Surprise: the biggest reason people quit isn’t the money (it’s not even in the top 5). What sends them out the door is unhappiness with the working conditions. That’s good news for your payroll budget, but you may have other issues to address if you want to retain valuable personnel. So what do employees list high on their happiness scale?
Relationships with superiors and co-workers.
- Promote a corporate culture of mutual respect and support.
- Praise employees when they do well at least as often as you point out mistakes.
- Create a comprehensive, clear employee manual so everyone knows what’s expected.
- Take employees’ comments and needs seriously.
- Treat everyone the same, even relatives.
Job activities and opportunities.
Employees are happiest when they are interested in what they are doing, feel that they are stakeholders in the company’s success, and are given new challenges from which they can grow professionally and personally.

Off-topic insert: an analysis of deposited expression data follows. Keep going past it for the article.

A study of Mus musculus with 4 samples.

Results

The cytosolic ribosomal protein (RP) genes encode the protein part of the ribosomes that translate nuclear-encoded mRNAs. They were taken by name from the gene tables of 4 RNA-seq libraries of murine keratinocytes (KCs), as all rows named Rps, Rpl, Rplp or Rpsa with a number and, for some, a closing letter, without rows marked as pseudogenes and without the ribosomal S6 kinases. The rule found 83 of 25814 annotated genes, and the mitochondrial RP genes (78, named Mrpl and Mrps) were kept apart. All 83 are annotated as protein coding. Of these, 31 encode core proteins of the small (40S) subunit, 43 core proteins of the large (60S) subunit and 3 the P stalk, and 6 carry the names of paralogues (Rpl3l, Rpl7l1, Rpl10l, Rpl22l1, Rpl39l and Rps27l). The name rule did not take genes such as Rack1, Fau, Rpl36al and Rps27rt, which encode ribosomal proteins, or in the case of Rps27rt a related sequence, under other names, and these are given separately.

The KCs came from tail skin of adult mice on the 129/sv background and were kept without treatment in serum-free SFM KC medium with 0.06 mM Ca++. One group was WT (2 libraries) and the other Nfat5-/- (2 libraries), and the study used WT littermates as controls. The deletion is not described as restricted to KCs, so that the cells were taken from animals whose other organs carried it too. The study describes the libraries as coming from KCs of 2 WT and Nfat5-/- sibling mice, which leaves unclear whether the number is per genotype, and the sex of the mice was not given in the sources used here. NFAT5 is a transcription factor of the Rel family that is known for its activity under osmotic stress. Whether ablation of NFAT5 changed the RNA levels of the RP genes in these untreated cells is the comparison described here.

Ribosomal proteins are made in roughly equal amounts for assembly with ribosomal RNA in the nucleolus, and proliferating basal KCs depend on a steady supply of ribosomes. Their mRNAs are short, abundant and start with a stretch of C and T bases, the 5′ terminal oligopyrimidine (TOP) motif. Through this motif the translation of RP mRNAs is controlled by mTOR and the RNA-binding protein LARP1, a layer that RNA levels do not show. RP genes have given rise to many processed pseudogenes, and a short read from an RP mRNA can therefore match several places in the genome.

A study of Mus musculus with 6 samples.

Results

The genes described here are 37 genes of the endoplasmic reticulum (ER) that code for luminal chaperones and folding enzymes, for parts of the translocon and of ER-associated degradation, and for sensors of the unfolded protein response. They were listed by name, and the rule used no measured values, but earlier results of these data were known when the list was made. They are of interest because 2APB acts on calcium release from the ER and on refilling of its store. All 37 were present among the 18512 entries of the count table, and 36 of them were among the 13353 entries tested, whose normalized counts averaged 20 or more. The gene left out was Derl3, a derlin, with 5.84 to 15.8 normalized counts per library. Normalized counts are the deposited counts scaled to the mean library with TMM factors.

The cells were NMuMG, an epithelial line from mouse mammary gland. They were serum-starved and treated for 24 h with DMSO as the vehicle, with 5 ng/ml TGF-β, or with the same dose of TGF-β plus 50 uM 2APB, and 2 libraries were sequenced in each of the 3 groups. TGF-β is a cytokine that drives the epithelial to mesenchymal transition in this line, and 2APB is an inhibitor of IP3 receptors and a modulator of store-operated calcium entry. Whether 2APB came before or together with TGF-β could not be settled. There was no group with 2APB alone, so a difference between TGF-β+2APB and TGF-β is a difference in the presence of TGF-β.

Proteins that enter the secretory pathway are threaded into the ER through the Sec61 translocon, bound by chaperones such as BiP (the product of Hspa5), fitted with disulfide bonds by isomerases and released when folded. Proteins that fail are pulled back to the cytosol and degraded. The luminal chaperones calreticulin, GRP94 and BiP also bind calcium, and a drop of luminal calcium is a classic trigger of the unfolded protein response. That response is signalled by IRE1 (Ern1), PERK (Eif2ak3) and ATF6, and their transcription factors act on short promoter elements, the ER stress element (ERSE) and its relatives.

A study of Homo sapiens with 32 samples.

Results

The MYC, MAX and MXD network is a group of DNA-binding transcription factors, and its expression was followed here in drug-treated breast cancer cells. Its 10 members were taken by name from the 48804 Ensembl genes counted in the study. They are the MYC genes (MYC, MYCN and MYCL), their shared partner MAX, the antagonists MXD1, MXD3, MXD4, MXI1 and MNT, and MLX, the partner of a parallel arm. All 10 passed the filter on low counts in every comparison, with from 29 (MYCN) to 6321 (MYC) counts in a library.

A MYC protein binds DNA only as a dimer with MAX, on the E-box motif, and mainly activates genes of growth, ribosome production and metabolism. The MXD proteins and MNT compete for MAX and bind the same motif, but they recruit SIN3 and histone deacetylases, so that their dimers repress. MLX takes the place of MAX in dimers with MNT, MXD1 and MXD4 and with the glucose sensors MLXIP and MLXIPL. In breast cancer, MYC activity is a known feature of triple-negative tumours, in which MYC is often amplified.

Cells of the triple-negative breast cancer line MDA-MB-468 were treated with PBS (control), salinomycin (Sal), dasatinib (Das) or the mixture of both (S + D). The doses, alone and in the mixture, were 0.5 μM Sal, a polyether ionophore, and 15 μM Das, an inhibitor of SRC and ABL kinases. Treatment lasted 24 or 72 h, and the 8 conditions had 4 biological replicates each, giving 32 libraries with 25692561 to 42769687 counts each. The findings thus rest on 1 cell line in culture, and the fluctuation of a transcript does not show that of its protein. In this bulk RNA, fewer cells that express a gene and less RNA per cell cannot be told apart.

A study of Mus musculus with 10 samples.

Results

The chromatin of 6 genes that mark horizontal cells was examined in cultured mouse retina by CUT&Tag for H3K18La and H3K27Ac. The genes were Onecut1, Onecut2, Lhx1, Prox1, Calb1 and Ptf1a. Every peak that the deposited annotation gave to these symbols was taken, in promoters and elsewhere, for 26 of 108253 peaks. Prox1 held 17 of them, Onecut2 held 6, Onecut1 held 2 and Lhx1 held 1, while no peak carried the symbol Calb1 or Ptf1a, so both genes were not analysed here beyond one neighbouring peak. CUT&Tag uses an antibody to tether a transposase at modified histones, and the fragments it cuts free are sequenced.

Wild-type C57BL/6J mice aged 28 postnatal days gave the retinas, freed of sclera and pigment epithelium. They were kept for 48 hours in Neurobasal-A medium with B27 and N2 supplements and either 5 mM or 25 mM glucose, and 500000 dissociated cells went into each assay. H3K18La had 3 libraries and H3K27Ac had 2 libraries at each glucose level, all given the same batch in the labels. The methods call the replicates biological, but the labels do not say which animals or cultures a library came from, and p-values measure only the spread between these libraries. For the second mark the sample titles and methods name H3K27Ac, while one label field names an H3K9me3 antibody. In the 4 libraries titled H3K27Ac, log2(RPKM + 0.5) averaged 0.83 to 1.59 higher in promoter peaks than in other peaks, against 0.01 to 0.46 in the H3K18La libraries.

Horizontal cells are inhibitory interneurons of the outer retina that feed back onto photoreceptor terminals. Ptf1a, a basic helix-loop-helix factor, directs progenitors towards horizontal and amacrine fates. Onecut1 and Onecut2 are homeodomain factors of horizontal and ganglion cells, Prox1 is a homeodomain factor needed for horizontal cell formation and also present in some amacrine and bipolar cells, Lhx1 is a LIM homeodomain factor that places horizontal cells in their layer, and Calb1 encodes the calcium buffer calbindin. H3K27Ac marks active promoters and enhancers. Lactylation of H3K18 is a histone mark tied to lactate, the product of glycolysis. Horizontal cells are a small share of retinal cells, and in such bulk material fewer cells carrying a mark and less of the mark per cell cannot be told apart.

- Hold regular meetings in which everyone has a voice.
- Set goals for career growth.
- Offer cross-training.
- Establish achievement reward programs, such as sales competitions.
- Get involved as a group with the community or charitable events.
Putting in so much overtime that there’s nothing left for friends, family or fun causes stress and burnout, leading to mistakes and poor productivity. This factor is especially important for employees from the millennial generation.
The physical workspace can greatly help or hinder productivity. This includes:
- Comfort, cleanliness, health, and safety
- Efficient and effective tools and equipment
- Clear paths, workflows, and processes
Being proud of where they work is a powerful motivator for employee happiness and loyalty. This means:
- A good reputation within the industry.
- Corporate values of quality, honesty and fairness towards the community, customers, and workers.
- Financial stability.
All these happiness factors come before the compensation package when employees are deciding whether to stay or go. Some attention to interpersonal relationships, management style, and employee recognition may be all it takes to turn dissatisfied workers into enthusiastic, hard-working ones.